Limerick golf clubs count the cost of hurricane-force storm winds

Alan Owens


Alan Owens

Levelled: storm damage at Limerick Golf Club and below, a tree felled at Rathbane Golf Club
LIMERICK Golf Club was a scene of “devastation” this week after hurricane-force winds ripped at least 300 trees from the course.

LIMERICK Golf Club was a scene of “devastation” this week after hurricane-force winds ripped at least 300 trees from the course.

The damage, unprecedented in the club’s 123 year history, has presented it with significant “challenges to recover it to playability”, according to management.

During a “terrifying” 80-minute period, officials and members watched from the clubhouse as trees were ripped from the ground, with winds gusting up to 160kmh blowing through in last Wednesday week’s storm.

“To see one tree falling after another, it felt like an eternity here,” said general manager Pat Murray.

“It was absolutely terrifying to look at. We have never had anything like that before. It could be months, years, getting everything cleared to start again. And until everything is cleared, we are not going to know the full extent of how much destruction is done to the golf course.”

Holes one to six on the parkland course, and around 10, 11 and 12 and 15, suffered particularly badly, leaving the course “closed indefinitely”.

“At first count so far it is in and around 300 trees, excluding boundary walls and what is down in the forested areas and the woods on the golf course,” said Pat.

“Holes 1-6 and 7 are devastated, pretty much levelled, I can’t describe it any other way.

“They are signature trees, there are no small trees down, they are significant across the course. There are craters left behind, so even when we get to the position of having the trees cut, we are still left with a big root bowl that has uplifted out of the course.”

Large numbers of members have been out in recent days helping with the massive clean-up, and the board of management hope to get play back on holes 7-18 in the short term, but are likely to be counting the cost in the long-term.

Across Limerick, golf clubs have also reported significant tree damage, but none as bad as suffered in Ballyclough.

Castletroy, which reopened for play on Tuesday, lost 100 trees and saw boundary walls and fencing damaged. However, due to the course’s design, major damage was avoided on tee boxes and fairways.

“Certainly on our 13th hole we had a big evergreen tree that took a lovely hardwood tree down with it - we were cultivating the hard wood but both are gone now,” said general manager Louis Keegan.

“We were closed from Wednesday, but we are back running our normal 14 hole course now. We are lucky in that we have had a very good reaction from our members to help out.”

However, the Castletroy club could have suffered far more extensive damage, as during the height of the storm the clubhouse “roof was extremely close to being taken off”, said Mr Keegan.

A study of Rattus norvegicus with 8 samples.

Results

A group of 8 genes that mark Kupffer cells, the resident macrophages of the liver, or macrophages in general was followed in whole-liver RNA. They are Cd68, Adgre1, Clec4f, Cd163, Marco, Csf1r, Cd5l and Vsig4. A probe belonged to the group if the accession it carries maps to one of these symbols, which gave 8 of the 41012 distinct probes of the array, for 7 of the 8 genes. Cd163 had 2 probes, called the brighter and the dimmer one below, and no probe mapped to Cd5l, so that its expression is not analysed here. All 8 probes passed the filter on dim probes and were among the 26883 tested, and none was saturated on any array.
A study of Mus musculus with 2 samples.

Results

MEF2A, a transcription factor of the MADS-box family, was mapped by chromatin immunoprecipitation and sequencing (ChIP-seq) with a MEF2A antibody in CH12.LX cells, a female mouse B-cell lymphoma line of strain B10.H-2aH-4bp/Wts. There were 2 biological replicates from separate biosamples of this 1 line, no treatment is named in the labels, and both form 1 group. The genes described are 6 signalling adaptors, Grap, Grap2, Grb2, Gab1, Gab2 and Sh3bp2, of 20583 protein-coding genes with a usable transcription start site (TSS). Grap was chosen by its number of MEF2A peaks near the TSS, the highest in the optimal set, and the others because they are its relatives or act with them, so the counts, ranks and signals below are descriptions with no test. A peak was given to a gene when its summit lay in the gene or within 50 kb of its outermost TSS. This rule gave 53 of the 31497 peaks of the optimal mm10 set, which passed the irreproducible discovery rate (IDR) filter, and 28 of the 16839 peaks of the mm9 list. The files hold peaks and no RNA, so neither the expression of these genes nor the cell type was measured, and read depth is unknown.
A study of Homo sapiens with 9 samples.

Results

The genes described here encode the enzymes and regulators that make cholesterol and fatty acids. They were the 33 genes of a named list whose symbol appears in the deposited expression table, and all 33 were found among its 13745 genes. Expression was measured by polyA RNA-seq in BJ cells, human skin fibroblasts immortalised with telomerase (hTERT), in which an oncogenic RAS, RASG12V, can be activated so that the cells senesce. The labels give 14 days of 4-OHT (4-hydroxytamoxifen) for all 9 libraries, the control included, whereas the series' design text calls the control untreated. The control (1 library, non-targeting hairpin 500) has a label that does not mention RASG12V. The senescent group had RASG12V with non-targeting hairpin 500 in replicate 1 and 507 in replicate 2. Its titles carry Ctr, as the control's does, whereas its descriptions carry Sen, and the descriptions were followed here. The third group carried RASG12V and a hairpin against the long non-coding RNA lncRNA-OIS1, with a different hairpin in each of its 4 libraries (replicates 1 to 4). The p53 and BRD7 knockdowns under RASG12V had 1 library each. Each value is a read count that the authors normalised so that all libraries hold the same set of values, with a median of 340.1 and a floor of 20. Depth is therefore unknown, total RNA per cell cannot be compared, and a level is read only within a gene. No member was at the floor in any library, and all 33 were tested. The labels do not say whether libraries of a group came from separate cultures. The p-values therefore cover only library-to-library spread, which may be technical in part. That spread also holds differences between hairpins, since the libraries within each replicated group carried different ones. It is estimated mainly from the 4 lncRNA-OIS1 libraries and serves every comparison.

Rathbane manager John O’Sullivan said that the course “got away very lightly” with about 35 trees down, noting that a tree which fell beside the clubhouse could have caused serious damage.

“We had a couple of mature beech down. There was one very close to the clubhouse and we were very lucky the way it fell. We got away very lightly, we are counting our blessings,” he said.

Adare Manor Golf Club had “between 30 and 40 trees down”, according to captain Richard Hickey.

“Thank God only one green was really hampered, the sixth, the big tree fell down on it,” he said. “But there was nothing really that would interfere with the course.”

In neighbouring Adare Manor Hotel and Golf Resort, golf professional Gary Howie reported “a lot of trees down, but from a golfing point of view there is no major hassle”.

“We probably have a couple of hundred trees down on the property, which sounds a huge amount, but it is an 800-odd acre site, so it is all in perspective,” he said of the championship course, which re-opened on Wednesday.

“From a purely selfish point of view, golf-wise, we didn’t lose any trees that define our holes or as such make you play the holes a different way. If we had lost six particular trees on the course, it would have been a disaster.”

In Ballyneety, manager Liam Lawlor reported a loss of “about 30-40 trees”.

“We got on reasonably well compared to some of our neighbours, but have still had our fair share,” he said. “Some trees are in a precarious state, so we are having a look at them to see if they need to be felled. We are not quite closed, but it is really only members playing.

“Given the weather we have had and the conditions of the climate, we are wary of it, because we have put a huge amount of work in getting it right for the spring. We are targeting St Patrick’s weekend as our major kick off time,” he added.